Shifting Responsibility

The scene has become depressingly familiar. A governor — or a mayor or a county executive — steps to the podium and somberly intones the necessity of making “hard choices” and “living within our means.” The elected leader then proceeds to announce prodigious budget cuts that will overcrowd classrooms, furlough public employees, and deny medications to poor families.

Some observers blame these painful podium processions on the Great Recession and the resulting drop-off in income that can be taxed. Others blame former President George W. Bush. His administration’s massive 2001 and 2003 tax cuts left the federal budget deeply in the red — and state and local governments on their own, overwhelmed by federal mandates for everything from Medicaid to special ed.

The recession and the second Bush administration no doubt contributed — and significantly so — to the fiscal crisis we face today. But the roots of today’s crisis go back farther. Indeed, by George W. Bush’s inauguration in 2001, the prime damage had already been done. By 2001, the United States had already stopped taxing the rich at the levels that had promoted middle-class prosperity in the mid 20th century.

Middle-class Americans entered the 21st century paying a higher share of their incomes in federal taxes than they paid midway through the 20th century. Wealthy Americans entered the new century paying less. Far less. Over the last half century, America’s wealthiest taxpayers have seen their tax outlays, as a share of income, drop enormously, by as much as two-thirds for the highest-income grouping that the IRS tracks.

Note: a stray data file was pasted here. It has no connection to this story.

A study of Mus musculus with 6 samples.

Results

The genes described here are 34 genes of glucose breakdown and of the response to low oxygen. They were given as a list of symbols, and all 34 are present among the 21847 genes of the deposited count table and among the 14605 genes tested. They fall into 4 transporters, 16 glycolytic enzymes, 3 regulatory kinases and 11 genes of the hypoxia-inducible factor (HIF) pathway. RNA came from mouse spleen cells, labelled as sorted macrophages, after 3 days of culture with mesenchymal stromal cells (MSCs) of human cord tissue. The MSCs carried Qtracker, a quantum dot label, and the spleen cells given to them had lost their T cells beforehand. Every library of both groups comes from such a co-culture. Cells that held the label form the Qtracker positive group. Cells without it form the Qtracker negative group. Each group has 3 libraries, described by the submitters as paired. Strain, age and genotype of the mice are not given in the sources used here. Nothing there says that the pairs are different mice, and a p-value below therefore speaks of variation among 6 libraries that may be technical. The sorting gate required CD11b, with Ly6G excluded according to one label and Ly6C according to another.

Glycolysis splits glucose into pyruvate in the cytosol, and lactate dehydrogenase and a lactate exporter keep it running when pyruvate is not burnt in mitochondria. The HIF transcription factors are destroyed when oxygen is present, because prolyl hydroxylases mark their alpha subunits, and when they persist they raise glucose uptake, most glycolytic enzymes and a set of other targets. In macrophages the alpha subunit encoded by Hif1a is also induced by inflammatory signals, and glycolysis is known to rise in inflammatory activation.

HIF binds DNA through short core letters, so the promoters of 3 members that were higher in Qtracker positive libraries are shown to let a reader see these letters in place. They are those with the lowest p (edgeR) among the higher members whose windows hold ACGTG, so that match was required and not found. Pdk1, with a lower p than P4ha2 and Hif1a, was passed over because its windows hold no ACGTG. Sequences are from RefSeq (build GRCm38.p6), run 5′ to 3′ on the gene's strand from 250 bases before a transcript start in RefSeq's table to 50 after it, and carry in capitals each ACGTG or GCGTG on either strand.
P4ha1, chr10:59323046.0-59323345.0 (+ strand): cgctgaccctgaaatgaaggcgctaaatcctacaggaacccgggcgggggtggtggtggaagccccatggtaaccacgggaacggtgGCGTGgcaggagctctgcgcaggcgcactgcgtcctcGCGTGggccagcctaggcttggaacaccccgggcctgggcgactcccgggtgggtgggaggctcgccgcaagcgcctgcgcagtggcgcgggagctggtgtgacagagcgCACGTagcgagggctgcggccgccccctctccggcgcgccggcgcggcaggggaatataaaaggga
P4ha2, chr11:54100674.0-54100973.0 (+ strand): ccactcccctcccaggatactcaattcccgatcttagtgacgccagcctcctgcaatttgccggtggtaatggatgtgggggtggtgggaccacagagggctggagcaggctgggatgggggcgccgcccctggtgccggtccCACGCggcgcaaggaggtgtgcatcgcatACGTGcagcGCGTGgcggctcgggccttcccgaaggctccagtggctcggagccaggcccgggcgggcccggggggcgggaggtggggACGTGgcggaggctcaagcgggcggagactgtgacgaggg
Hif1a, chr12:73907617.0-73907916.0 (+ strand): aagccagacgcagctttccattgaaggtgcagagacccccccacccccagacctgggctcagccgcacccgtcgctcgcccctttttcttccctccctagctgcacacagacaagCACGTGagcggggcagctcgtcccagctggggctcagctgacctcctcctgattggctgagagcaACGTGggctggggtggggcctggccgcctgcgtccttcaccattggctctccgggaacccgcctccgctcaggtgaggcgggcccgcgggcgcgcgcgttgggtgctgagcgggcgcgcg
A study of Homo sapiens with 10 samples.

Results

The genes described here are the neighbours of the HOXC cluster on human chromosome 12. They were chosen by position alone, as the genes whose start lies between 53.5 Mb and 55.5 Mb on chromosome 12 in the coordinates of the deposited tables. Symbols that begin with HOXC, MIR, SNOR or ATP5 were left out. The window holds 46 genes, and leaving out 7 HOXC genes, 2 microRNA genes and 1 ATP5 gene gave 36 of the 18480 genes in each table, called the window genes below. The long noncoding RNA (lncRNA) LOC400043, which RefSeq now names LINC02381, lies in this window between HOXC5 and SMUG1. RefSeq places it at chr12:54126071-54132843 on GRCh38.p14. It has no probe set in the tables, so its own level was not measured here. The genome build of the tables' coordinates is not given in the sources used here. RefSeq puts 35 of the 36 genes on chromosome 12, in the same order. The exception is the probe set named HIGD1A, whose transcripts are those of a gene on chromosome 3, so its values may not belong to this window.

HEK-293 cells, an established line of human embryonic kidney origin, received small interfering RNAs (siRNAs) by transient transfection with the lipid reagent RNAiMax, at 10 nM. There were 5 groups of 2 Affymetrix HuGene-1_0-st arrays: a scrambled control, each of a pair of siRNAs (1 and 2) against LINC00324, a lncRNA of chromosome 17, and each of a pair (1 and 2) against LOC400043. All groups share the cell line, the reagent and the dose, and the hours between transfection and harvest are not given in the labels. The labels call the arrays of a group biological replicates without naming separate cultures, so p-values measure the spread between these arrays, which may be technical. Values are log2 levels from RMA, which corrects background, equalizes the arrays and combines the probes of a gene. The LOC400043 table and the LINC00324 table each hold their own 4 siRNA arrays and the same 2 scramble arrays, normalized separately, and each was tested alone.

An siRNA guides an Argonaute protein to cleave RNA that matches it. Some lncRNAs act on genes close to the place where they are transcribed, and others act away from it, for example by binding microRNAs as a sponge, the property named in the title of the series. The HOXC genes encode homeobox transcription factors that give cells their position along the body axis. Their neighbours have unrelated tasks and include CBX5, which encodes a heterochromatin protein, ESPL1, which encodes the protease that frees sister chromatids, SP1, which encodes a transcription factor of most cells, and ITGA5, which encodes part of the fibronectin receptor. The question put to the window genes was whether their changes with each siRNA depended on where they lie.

This massive giveaway to America’s financially favored has been a bipartisan effort. Republicans have claimed the most credit for the “tax cuts” that have turned the U.S. tax system upside down over recent decades. But votes by Democratic lawmakers have, at every critical juncture, eased the way.

The tax shift we have witnessed since the 1950s has been enormous. From 1950 through 1963, the federal tax rate on ordinary personal income over $400,000 never dropped below 91 percent. Between 1936 and 1980, that same top rate never dropped below 70 percent.

But today, the top personal income tax rate, after the 2001 tax cut, is 35 percent (If allowed to expire at the end of 2010, this rate will return to the 39.6 percent level in place during the Clinton years).

These lower rates on high incomes actually understate the full extent of tax benefits for America’s wealthiest households. The tax rate on capital gains, the income stream that flows most robustly to those in the highest income brackets, dropped to 15 percent in 2003, down from as high as 39.875 percent in 1977.